My sister is in the medical field. Thank the gods of sanity. She’s in critical care, and she’s damn well smarter than me by a mean streak. We compare notes sometimes, usually after frustrating or traumatic experiences on the clock. It’s nice to have her weigh-in on things; to compare practices and perspectives.
Today, we chatted on the way to a family brunch celebrating relatives in from Sweden. Her husband listening at the wheel, my sister told me about the trials of interdisciplinary relationships that she often faces as a prescribing provider. One particular physician came up; I was saddened to learn of his too-oft practice of going against patients’ Advanced Directives in moments of haste and adrenaline.
I asked my sister if she thought the general pubic realized things like this occurred in hospitals everywhere. Hearing of this MD intubating or coding patients with clear Do Not Resuscitate and Do Not Intubate orders, while sad, was not new to my nurse ears. I’ve seen countless patients – whether by family or physicians – given treatment they wished against over the years.
Many times this happens accidentally, which my sister seemed to sense was the case in her dealings. Situations get heated and panicky, people act quickly, and things are missed. But that’s just it: things are missed. Why is this thing — a patients explicit right to deny treatment — anything less important than their right to any type of treatment?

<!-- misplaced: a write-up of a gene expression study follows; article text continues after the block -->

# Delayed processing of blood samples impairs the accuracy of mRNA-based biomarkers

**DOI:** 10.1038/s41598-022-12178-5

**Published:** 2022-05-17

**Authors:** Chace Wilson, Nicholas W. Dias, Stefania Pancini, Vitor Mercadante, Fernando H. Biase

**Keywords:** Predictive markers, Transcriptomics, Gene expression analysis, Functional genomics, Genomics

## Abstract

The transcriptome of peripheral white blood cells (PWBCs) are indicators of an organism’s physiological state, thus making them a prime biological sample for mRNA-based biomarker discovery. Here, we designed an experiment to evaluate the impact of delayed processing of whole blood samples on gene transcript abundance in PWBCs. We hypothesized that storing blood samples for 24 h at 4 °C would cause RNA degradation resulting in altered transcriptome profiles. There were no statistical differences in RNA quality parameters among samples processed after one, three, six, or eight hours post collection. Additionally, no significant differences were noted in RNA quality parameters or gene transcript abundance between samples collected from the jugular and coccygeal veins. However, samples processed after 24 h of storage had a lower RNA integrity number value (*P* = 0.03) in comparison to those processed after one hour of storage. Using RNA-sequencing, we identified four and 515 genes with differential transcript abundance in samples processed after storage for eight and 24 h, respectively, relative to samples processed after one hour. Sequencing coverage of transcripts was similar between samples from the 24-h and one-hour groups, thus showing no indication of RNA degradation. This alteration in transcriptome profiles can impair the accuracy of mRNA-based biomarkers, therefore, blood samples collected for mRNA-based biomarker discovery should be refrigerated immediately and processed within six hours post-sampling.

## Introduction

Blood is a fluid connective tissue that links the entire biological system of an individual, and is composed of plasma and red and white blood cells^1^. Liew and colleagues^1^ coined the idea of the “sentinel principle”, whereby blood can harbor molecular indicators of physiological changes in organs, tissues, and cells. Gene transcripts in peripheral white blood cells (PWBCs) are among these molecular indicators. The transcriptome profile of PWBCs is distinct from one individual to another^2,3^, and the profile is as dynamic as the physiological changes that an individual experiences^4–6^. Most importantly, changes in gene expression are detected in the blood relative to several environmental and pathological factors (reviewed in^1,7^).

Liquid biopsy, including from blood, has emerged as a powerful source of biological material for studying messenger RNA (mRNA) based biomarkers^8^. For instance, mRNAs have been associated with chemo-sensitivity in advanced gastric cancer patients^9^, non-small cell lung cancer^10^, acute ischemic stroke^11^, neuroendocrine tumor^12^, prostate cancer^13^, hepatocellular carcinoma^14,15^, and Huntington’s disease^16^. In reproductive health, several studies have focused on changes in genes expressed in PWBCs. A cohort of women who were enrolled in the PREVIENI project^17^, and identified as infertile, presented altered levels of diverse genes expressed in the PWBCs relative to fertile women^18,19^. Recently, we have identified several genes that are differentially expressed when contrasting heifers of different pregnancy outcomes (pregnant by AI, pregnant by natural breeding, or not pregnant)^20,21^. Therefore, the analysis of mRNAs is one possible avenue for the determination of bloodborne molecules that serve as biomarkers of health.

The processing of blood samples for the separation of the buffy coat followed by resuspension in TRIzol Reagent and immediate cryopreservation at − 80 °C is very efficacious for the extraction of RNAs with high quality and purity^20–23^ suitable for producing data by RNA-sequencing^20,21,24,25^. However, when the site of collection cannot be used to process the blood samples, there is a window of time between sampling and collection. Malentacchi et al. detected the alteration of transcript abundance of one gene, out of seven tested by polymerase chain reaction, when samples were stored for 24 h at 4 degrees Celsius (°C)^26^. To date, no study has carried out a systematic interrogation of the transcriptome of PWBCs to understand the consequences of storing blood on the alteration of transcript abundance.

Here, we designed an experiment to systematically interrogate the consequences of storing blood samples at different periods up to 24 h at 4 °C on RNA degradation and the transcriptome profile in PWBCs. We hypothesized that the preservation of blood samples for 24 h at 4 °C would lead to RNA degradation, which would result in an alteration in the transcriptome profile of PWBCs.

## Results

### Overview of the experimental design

When a patient goes to the hospital for an amputation of the right leg, for example, and leaves with an accidental amputation of the left, that’s called a sentinel event. Or, to put it a bit more blatantly, a never event. Never, never, never.
When things like this happen, meetings happen. Big ones. Analysis is done of the situational events, and the system failures. In the ideal scenario, things aren’t punitive, but they very urgently and delicately ask the question, “What the $&$!/?&&@ happened?!” and then create safety mechanisms to ensure it never happens again.
I wondered aloud to my sister about this. Why isn’t giving unwanted care to a patient considered as much of a sentinel event as lopping off the wrong leg? Patients with expressed wishes against life support state them for very specific reasons. Often they are in the end stages of their illnesses, wanting care centered upon comfort. Many know exactly what they want and what they don’t want. Some are dying. To prolong their treatment with interventions they specify against, is a violation of their rights as patients, and their dignity as humans.
I’m not writing to say this physician should be punished. I’m musing because it shocks me that while we have safety checklists — time outs — for everything from doing a sterile procedure to brain surgery, in all the years I’ve been a nurse, no one has ever stopped before a code or an intubation and said: ADVANCED DIRECTIVE CHECK?
Seems easy enough. A heck of a lot easier than explaining to the family why their loved one was accidentally cheated out of the course of care, and perhaps even death, they asked for.